SALEM, Ore. -- Certain private nonprofit agencies providing essential governmental services affected by the December 1-17, 2007 severe storms, wind, mudslides, landslides and flooding may be eligible for assistance under the Federal Emergency Management Agency (FEMA) Public Assistance Program.
Qualifying private non-profits are those that provide education, medical, custodial care, emergency, utility, certain irrigation facilities, and other essential governmental services.
Below is a summary of what kinds of aid may be available through the Federal Emergency Management Agency's, (FEMA) Public Assistance Program.
Basic eligibility requirements for private nonprofits:
- Have a 501(c), (d), or (e) IRS designation, state tax-exempt status and bylaws.
- Have facilities or offer services in one of the nine counties designated for Public Assistance aid.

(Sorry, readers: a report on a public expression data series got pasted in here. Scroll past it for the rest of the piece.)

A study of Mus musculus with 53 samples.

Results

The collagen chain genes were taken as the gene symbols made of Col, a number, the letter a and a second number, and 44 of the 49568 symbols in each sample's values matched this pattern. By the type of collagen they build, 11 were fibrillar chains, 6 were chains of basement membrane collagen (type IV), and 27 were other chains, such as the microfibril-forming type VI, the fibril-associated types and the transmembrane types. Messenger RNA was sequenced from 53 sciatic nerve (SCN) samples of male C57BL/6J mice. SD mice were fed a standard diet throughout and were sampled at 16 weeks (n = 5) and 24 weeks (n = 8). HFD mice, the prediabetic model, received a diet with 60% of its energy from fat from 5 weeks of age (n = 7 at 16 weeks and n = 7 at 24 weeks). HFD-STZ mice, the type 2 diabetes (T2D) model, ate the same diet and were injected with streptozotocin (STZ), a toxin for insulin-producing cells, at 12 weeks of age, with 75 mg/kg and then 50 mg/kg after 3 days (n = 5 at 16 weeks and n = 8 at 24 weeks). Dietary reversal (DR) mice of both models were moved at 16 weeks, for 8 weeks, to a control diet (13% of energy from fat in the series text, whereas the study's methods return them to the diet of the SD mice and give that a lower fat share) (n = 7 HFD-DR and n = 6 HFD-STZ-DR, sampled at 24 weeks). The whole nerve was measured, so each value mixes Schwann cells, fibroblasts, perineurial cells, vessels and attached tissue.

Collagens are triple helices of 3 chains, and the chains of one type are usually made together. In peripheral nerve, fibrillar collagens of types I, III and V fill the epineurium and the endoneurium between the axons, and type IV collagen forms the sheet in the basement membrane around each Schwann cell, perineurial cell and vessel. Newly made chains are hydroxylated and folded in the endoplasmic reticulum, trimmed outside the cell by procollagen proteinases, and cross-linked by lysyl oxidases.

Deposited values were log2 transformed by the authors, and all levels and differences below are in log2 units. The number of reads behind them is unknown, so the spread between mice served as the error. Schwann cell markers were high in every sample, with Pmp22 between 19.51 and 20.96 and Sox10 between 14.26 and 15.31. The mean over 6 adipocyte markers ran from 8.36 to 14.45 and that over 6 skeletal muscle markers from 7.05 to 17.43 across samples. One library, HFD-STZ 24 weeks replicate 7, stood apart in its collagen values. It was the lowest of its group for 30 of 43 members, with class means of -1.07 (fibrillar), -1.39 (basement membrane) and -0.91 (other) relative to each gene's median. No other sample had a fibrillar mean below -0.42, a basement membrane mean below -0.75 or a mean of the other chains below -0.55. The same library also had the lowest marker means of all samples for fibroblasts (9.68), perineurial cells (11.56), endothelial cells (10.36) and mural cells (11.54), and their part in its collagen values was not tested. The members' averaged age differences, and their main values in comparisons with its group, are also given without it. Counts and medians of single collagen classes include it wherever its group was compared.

- Have damaged facilities or expenses that were caused by the flooding and severe storms between December 1-17, 2007.
Kinds of assistance that may be available to eligible nonprofits:
- Grants may be available for 75 percent of the cost of emergency services and debris removal related to the disaster.
- Agencies that provide critical services may be eligible for 75 percent of the costs of returning damaged sites to predisaster condition. "Critical services" include power, water, sewer, wastewater treatment, communications and emergency medical care.
- Non critical facilities may receive low-interest loans for permanent repairs from the U.S. Small Business Administration (SBA). They can contact the SBA by going to a Disaster Recovery Center, an SBA Disaster Loan Outreach Center; or by calling 1-800-659-2955, or by going online to www.sba.gov/services/disasterassistance . If they are declined for an SBA loan or the loan does not cover all eligible expenses, they may re-apply for a FEMA grant.
All private nonprofit agencies needing aid from FEMA and/or the SBA are encouraged to file a Request for Public Assistance, which is available through local county emergency managers. Agencies with questions are encouraged to call their local county emergency manager.
FEMA coordinates the federal government's role in preparing for, preventing, mitigating the effects of, responding to, and recovering from all domestic disasters, whether natural or man-made, including acts of terror.